Tal Bachman
Tal Bachman
(Columbia)


Tal Bachman is that rare pedigreed artist who displays as much or more talent than his forebears. His father had a string of hits in the mid-’70s that included “You Ain’t Seen Nothing Yet” and “Takin’ Care of Business” with Bachman Turner Overdrive. Tal Bachman’s debut really sounds nothing like BTO, but does, nevertheless, invoke thoughts of the ‘70s.

Bachman is obviously a child of classic rock, and his CD is littered with musical references to the upbeat pop rock of latter decades. George Harrison-style slide guitars color tracks like “If You Sleep.” “Darker Side of Blue” and “Romanticide” are picture perfect sing-song rock anthems and “She’s So High” will have you swaying in entrancement instantly. Bachman’s vocals — somewhere between Harrison and Lennon in depth — are distinctively high and perfect for the sort of power pop that he purveys. When he ascends to a falsetto in ballads like “(You Love) Like Nobody Loves Me,” it’s almost chilling. And when he slides into the stratosphere on the Bic lighter anthem “I Wonder,” it brings to mind the power and majesty of Elton John at his ‘70s “Someone Saved My Life Tonight” best.

Bachman shows a knack for ballads; “Beside You” is a delicate bittersweet guitar strummed ballad that again betrays a strong Beatles influence, as does the album’s closer, a lightly jazzy piano and string lullabye called “I Am Free.” Tal Bachman will appeal to both lovers of great pop rock and those nostalgic for a dash of the 1970s in their 1999.

 

Gus Gus
This Is Normal
(4AD/Warner)
½


Probably the most interesting thing about this CD isn’t actually the music, but what you can do with it. (This Is Normal comes with a special computer multimedia component — a demo version of a program called Mixman — that allows you to remix the first track (a Happy Mondays-funk style song called “Ladyshave”) on the CD. Unfortunately, the program doesn’t allow you to work with any non-GusGus files; you need to buy the whole Mixman program to get its full functionality. To use it for GusGus, you need an IBM Pentium computer and about 30 megs of available space, and within minutes you can be playing around with a danceclub-quality mix, punching instruments and vocals in and out as you like.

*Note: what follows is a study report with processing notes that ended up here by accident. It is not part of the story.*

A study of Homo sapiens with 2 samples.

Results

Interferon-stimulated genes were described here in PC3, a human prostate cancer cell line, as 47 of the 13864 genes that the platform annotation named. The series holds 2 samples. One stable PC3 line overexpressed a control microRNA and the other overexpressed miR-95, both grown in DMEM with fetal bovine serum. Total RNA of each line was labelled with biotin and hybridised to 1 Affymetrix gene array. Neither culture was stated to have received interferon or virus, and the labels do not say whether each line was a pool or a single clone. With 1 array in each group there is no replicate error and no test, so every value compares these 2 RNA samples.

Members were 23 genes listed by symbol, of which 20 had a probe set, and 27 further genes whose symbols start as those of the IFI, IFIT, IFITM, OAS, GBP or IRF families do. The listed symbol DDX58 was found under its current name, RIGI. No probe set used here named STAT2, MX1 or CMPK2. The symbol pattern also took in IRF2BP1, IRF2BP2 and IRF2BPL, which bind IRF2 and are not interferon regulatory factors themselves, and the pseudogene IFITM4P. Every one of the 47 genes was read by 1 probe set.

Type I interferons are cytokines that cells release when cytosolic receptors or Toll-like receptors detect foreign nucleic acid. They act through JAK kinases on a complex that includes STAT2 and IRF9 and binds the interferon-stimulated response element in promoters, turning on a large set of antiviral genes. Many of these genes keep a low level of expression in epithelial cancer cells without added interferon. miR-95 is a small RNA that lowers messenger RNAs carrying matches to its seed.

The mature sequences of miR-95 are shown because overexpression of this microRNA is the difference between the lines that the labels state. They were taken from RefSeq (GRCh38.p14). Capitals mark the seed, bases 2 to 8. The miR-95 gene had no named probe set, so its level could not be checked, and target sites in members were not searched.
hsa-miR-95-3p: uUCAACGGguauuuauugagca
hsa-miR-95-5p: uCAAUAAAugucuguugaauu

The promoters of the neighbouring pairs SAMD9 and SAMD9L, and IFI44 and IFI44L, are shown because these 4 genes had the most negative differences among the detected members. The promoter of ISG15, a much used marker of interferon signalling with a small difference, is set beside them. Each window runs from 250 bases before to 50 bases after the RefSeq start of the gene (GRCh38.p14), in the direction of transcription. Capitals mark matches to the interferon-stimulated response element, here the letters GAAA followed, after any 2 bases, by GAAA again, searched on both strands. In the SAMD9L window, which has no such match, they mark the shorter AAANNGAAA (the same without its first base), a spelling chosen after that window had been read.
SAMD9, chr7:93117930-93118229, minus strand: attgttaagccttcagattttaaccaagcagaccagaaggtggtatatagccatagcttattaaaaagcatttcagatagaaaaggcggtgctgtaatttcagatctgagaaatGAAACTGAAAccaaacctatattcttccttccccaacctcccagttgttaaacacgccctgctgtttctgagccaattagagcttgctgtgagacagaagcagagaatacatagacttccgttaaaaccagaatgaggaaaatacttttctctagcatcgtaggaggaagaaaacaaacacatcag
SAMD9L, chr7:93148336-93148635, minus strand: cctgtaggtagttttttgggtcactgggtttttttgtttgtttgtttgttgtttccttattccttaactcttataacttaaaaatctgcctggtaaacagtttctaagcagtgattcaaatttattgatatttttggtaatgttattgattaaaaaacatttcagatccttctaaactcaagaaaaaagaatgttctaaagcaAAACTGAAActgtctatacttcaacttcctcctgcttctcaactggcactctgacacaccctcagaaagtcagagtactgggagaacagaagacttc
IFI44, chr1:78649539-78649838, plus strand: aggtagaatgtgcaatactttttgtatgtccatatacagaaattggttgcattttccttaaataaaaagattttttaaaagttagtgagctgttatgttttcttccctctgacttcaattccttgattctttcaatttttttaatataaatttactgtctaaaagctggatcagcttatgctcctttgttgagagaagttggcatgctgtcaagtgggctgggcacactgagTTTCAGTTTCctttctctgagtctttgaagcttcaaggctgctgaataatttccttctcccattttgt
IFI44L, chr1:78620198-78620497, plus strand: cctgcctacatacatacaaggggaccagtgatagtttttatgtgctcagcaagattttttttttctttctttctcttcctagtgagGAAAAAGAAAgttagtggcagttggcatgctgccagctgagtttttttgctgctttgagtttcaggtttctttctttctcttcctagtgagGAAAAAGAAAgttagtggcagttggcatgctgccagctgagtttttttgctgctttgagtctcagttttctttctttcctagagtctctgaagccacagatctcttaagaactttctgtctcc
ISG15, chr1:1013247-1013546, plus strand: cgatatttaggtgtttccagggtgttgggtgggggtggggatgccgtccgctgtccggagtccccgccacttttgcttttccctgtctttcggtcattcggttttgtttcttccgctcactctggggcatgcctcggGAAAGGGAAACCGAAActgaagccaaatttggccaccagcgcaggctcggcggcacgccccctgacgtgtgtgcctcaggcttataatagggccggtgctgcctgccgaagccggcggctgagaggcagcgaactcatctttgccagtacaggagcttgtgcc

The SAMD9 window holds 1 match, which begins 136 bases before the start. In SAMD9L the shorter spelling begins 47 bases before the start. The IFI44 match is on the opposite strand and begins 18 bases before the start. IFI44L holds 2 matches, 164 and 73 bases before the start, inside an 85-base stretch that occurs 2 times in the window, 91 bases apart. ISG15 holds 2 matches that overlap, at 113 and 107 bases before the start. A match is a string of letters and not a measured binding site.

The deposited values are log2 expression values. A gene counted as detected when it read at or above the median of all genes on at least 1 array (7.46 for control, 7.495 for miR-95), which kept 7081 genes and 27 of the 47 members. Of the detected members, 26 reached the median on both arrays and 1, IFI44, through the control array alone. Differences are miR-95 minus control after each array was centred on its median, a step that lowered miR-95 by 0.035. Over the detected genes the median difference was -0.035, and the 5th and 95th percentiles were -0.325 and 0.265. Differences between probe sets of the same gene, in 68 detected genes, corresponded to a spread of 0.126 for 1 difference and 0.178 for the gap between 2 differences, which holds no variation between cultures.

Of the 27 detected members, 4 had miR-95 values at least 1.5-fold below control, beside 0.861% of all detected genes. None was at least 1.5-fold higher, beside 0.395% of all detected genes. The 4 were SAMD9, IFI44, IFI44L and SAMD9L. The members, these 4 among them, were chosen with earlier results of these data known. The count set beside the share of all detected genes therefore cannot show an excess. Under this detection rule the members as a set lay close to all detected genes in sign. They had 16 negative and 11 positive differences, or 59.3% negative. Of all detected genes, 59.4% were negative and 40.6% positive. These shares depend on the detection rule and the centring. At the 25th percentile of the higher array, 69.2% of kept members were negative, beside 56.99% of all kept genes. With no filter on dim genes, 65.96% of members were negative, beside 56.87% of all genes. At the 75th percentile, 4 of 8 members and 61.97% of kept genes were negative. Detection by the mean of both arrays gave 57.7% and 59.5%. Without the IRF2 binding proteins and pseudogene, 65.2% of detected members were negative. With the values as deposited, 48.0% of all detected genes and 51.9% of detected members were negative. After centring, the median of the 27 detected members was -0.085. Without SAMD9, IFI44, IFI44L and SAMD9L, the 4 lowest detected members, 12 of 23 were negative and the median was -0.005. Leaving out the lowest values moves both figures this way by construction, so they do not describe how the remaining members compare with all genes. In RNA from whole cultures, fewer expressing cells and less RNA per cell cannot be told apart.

Just listening to GusGus’ sophomore CD is not nearly as fun as mixing its single. With only a couple of exceptions (like the soft string ballad “Bambi”) this is music that’s meant for background mixing in danceclubs, not for straight “pop hit” listening. The nine-piece Iceland band offers 11 tracks of thumping, oscillating beats and ambient synth bleeps and washes with both male and female lead vocals. It’s not the sort of thing that’s likely to get played on Top 40 radio, but you will hear this on the DJ tables this summer without a doubt. And, if you’re inclined, you can play DJ with it yourself.

 

New On The Shelves


Rhino Records has released a new collection of top of the pops hip-hop: Millennium Hip-Hop Party includes Grandmaster & Melle Mel’s “White Lines (Don’t Don’t Do It),” Run-D.M.C.’s “Walk This Way,” Tone Loc’s “Funky Cold Medina,” Digital Underground’s “Humpty Dance,” D.J. Jazzy Jeff & The Fresh Prince’s “Parents Just Don’t Understand,” M.C. Hammer’s “U Can’t Touch This” Sir Mix-A-Lot’s “Baby Got Back” and Young MC’s “Bust A Move,” among others. There are also songs from Dr. Dre, LL. Cool J, PM Dawn, Arrested Development and Naughty By Nature. It’s an impressive collection of hip-hop pop that’s missing Salt-N-Pepa, but not much else. There’s a “soundtrack” album out now for Dawson’s Creek on Columbia/Sony Sountrax that’s got a decent mix of songs — it leads off with Sixpence None The Richer’s current hit “Kiss Me” and ends with Paula Cole’s breakthrough hit of a couple years ago, “I Don’t Want To Wait.” In between are songs from Sophie B. Hawkins, Shawn Mullins, Heather Nova, Curtis Stigers and newcomers PJ Olsson and Chantal Kreviazuk. The soundtrack to the new movie Go, on Work/Sony Soundtrax offers the first sneak-peak at what sort of tracks No Doubt may be working up for their next album. The disc opens with No Doubt’s fast-moving “New” and proceeds through remixes of Steppenwolf’s “Magic Carpet Ride,” and Eagle-Eye Cherry’s “Shooting Up In Vain,” as well as Fatboy Slim’s “Gangster Tripping” and a new mellow electronica influenced ballad from Natalie Imbruglia in “Troubled By The Way We Came Together.”